Lifestyle Modifications to Improve Your Diabetes

According to the Centers for Disease Control and Prevention, 30.1 million Americans have been diagnosed with diabetes and another 84.1 million have been diagnosed with prediabetes. If you’re one of them, it’s important that you’re equipped with strategies and lifestyle modifications to manage your diabetes along with clinical treatment. 

Dr. Shawn Veiseh at University Executive Physical Program specializes in treating diabetes and can give you the tools you need to improve your diabetes. 

Diabetes overview

Diabetes is a disease that affects the way your body uses sugar or glucose in your blood. Glucose is an important source of energy for your muscles and fuel for brain function. Your pancreas releases a hormone called insulin that helps the glucose enter your cells to power your body. 

Too much sugar in your blood is the main cause of diabetes. Since there’s an excess of glucose, you either can’t process it all or not efficiently enough, which leads to health problems. There are a couple of different types of diabetes: type 1 and type 2.

With type 1 diabetes, your immune system attacks your pancreas, destroying your ability to produce insulin and use the sugar in your blood. Genetic and environmental factors are the main causes of Type 1 diabetes. 

Type 2 diabetes is different in that it can be predicted and even prevented if you’re diagnosed with prediabetes. If you have type 2 diabetes, that means your cells have become resistant to insulin, and you can’t make enough insulin to overcome the resistance. Glucose saturates your blood rather than fueling your body. Although not all who are diagnosed with type 2 diabetes are overweight, your weight can cause you to develop type 2 diabetes. 

How to treat your diabetes

Whether you’ve lived with diabetes your whole life or have just been diagnosed, lifestyle changes are vital to managing and improving your diabetes. Here are a few things Dr. Veiseh suggests you do to make living with diabetes better.

Get healthy

Exercising and eating healthy is a good idea for everyone, but it’s especially necessary if you’ve been diagnosed with diabetes. If you exercise for even 30 minutes a day, you help to bring down your blood sugar levels. You don’t have to turn into a gym rat overnight. Start slowly with exercises you’re comfortable with, like a brisk walk, light jog, or swimming. Talk with Dr. Veiseh for a list of possible exercises that will work for you. 

If you’ve never paid any attention to what’s on your plate, now’s the time to start. A healthy diet is key when trying to manage diabetes. Since diabetes stems from an abundance of or inability to use the sugar in your blood, you should limit your intake of sugar, fat, and carbohydrates, which turn into sugar in your bloodstream. Instead, load your plate with vegetables, fruits, whole grains, and lean meat.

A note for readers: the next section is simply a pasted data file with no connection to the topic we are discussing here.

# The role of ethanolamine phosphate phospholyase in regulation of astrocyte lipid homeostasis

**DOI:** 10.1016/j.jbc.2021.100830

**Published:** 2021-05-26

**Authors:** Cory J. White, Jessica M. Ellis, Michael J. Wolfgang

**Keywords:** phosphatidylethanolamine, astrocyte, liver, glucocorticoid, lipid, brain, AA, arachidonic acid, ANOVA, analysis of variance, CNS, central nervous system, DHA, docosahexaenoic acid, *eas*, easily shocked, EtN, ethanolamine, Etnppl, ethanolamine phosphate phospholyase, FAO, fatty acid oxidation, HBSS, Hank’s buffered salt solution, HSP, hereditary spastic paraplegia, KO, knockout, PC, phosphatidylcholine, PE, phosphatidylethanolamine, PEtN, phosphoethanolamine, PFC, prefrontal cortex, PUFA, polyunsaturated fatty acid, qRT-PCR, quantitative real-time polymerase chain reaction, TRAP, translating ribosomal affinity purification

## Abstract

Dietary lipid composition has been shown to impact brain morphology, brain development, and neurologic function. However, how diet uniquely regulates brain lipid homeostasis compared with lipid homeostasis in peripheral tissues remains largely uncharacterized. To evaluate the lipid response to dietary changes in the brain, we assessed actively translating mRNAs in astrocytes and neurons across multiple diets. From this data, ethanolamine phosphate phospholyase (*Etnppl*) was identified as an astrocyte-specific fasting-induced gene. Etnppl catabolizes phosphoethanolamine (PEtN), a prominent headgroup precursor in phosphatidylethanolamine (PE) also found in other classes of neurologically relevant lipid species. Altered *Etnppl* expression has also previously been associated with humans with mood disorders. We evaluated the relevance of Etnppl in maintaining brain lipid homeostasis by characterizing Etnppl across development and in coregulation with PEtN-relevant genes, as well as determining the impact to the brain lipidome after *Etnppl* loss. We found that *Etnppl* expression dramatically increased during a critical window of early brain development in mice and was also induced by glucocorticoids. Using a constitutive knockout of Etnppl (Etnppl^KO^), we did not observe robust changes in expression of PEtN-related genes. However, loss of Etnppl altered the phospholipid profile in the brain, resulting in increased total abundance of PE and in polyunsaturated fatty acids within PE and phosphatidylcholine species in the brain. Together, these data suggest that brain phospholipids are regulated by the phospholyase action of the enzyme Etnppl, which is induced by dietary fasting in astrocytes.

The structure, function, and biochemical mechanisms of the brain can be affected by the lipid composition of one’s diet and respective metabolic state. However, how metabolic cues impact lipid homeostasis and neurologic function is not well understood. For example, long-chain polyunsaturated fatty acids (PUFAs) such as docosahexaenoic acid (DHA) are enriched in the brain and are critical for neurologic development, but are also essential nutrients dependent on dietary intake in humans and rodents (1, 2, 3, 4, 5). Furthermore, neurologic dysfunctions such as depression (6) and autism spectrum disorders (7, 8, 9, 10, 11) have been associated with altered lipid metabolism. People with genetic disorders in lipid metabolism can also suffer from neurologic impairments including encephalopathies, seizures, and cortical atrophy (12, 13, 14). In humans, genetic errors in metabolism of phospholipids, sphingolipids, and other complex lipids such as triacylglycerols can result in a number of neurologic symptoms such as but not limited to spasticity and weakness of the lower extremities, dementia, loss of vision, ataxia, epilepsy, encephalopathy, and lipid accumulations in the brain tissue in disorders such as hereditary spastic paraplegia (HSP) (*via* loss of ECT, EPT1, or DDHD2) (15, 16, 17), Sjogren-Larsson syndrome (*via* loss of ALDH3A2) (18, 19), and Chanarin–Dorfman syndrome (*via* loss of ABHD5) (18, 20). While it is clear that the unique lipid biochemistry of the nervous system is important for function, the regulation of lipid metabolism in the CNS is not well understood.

Reduce stress

Stress affects your entire life. Your sleep is interrupted, you forget to eat, you eat too much, and you fall into unhealthy habits. Those unhealthy habits may seriously jeopardize your health and your progress in managing your diabetes. Try engaging in hobbies you enjoy, deep breathing exercises, or other stress-relieving methods to keep your mind off stress and on your health. 

Kick the habit

Diabetes increases your risk of developing serious health problems like heart disease, stroke, foot problems, and kidney disease. If you’re smoking as well, your chances of developing these problems are even higher. Smoking also makes you less likely to get exercise. If you’re looking to quit smoking, schedule a consultation with Dr. Veiseh. 

And alcohol can be just as damaging to your health when you have diabetes. You don’t have to stop drinking, but you do have to be more aware of how alcohol affects you. 

Moderate amounts of alcohol may cause your blood sugar to rise, while excess alcohol can actually cause your blood sugar to drop to dangerous levels. Alcohol also adds calories to your diet and stimulates your appetite, making it hard to control your weight. If you’re going to have a drink, keep these things in mind:

It’s always a good idea to wear a medical alert bracelet or necklace to let those around you know that you have diabetes should an emergency arise. 

Diabetes may be a part of your life, but you can make changes that improve and help you manage your symptoms. Let Dr. Veiseh support you through your journey with diabetes. Call or schedule an appointment online today.